Source: BBC Radio 4: Today Programme
Event: Stephen Moss explains why children are "missing out" on nature
Justin Webb: Hello, Mr Moss - set out your thesis, first of all.
Stephen Moss: Well, my thesis is very simple, that children need nature. They need to play outdoors, in the same way that they need good food, good sleep and good education. And if we do not allow them to go outdoors, there are all sorts of consequences in the short term and long term for them, for their physical health - obesity is rising - their mental health, and also just the fact that they've been missing out on this wonderful, wonderful world out there, that is so precious and needs us - needs the children and needs adults, as much as we need it.
Justin Webb: And you have real firm evidence, do you, that they go out less now than they used to?
Stephen Moss: Oh, all the evidence suggests this. I mean, we know that, for example, when I was growing up, in the 1960s, 90% of eight-year-olds walked to school. Now I don't know a child who walks to school now, certainly not on their own. We know that children are - it's not - it's very easy to blame technology for this, and I think that's a very, um, wrong way to go about it, because technology is a symptom of it. There's nothing wrong with technology - the internet and television can teach children a huge amount about the natural world. What is different, though, is that when they go out and interact with nature, this is genuine interactivity, because nature doesn't come with an instruction manual. Nature is somewhere where they have to use their imagination in all sorts of very creative ways.
Justin Webb: Aleks Krotoski, a lot of modern technology doesn't come with an instruction manual either, when it should, but that's beside the point. Did you accept at all - I mean, number one, the factual case that's made by the National Trust and by Stephen Moss - there is simply less interaction between children and outdoors?
Aleks Krotoski: Undoubtedly, I'm on the side of the idea behind this report. My problem with -
Justin Webb: I suspect everyone is.
Aleks Krotoski: - exactly, it's kind of - yeah. It's not rocket science. The problem is that this report actually isn't science. And that is the problem that I have with it. It dresses up this idea of nature deficit disorder as a psychological ill. Absolutely, everybody has a - kind of, has a general idea that yes, kids should go outside, and that there are problems with kids not going outside. There is no actual evidence, that's written up in this report, that this so-called nature deficit disorder exists. There's also the nature deficit disorder - there's no - it's not recognised by any medical manuals for mental disorders. To dress up this general idea behind science, I think actually undermines the National Trust's argument and agenda.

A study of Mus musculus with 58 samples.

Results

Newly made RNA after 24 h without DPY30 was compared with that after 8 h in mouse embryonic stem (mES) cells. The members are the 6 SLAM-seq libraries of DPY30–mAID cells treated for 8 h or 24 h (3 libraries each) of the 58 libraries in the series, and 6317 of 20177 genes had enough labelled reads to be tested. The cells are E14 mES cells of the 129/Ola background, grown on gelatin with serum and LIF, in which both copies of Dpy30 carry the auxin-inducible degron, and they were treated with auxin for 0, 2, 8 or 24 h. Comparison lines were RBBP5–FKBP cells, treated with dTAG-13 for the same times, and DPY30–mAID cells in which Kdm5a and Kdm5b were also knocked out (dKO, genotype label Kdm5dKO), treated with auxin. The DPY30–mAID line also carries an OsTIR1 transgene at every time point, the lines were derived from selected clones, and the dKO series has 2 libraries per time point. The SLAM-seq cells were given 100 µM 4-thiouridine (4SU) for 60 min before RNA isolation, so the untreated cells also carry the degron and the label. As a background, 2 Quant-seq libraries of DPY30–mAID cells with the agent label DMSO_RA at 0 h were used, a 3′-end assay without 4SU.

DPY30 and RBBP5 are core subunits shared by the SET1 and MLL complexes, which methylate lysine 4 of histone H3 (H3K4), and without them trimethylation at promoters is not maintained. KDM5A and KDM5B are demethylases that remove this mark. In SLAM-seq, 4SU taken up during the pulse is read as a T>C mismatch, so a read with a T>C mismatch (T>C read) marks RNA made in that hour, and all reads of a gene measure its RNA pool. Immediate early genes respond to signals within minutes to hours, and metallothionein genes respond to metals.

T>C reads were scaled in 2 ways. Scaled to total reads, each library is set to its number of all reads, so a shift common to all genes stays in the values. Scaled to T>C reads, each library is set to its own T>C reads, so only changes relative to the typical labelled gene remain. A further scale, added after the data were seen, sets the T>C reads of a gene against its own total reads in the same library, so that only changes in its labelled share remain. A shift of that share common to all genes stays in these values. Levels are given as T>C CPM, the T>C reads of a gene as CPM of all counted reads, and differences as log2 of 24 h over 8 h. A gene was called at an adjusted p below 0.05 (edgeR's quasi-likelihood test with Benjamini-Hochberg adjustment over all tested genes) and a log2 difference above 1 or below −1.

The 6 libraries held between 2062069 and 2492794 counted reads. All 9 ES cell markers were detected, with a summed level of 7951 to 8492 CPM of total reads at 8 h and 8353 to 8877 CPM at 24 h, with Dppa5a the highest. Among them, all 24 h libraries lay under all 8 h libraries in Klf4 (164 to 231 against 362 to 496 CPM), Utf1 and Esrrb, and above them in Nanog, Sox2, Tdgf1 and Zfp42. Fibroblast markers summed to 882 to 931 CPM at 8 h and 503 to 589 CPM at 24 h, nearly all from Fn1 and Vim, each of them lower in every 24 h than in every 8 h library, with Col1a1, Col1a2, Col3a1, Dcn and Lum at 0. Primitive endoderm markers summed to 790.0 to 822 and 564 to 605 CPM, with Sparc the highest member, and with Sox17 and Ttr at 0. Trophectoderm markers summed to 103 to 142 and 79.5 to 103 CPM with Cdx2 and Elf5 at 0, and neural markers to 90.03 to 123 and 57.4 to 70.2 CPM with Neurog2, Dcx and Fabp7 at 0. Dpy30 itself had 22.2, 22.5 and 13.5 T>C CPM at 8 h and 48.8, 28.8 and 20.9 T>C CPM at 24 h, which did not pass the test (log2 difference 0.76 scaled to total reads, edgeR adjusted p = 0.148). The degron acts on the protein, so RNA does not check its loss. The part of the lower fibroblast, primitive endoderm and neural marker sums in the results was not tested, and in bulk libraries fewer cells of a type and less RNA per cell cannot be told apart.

Justin Webb: Would you be better placed, Stephen Moss, just to make a sort of general complaint, and not try to have this, this syndrome involved?
Stephen Moss: I'm sorry, Aleks is completely wrong about this. Because in no way, and nowhere in the report do we say - in fact, we explicitly say in the opening of the report, that nature deficit disorder is not a proper, recognised medical condition. Of course it's not. It's a very useful term, however, to describe the very good statistics that show that children simply do not spend as much time outdoors as we did when we were young. It was very normal, when I was growing up, to be sent out by your mother with the words "Be back home for tea". And we now, it makes it seem like something out of an Enid Blyton book. I grew up in a single parent family, on a housing estate on the edge of London. This is what all children did. And there is absolutely no doubt that in this report, the statistics are there to show, for example, three times as many children are taken to casualty departments every year for accidents from falling out of, or off of, their bed than from falling out of trees. And that is an absurd situation.
Justin Webb: And, Aleks Krotoski, Stephen Moss says he doesn't blame technology, and technology is a symptom, but technology is - if we all accept that children should be out of doors more and in their bedrooms less, technology is a problem, isn't it?
Aleks Krotoski: Technology is, as Stephen Moss says, part of the symptom...
Justin Webb: It's addictive, then?
Aleks Krotoski: Now you're using the emotive words, the emotive terms that are within this report, and that, I think is a -
Justin Webb: I'm not, actually - trying to quote -
Stephen Moss: The word "addictive" doesn't appear in the report.
Justin Webb: No, I'm sorry -
Aleks Krotoski: It does. It appears in the report, as do the framing of technology and also the framing of the other elements, the other conditions that you say -
Stephen Moss: I'm sorry, you can't deny that children are not going out -
Aleks Krotoski: Absolutely -
Justin Webb: So let her argue this point - let her answer this point about the technology, then.
Aleks Krotoski: The point that I have is that the evidence that you provide for the outcomes of children not going outside, I think is flawed. There are no primary sources that are referenced in this report. This idea of an increase in depression and an increase in obesity - there is evidence out there -
Justin Webb: There is unquestionably an increase in obesity -
Aleks Krotoski: Absolutely, but there's no necessary evidence that the nature deficit disorder is the thing that causes this obesity, that the technology causes this obesity.
Justin Webb: We will -
Aleks Krotoski: We cannot conflate correlation with causation.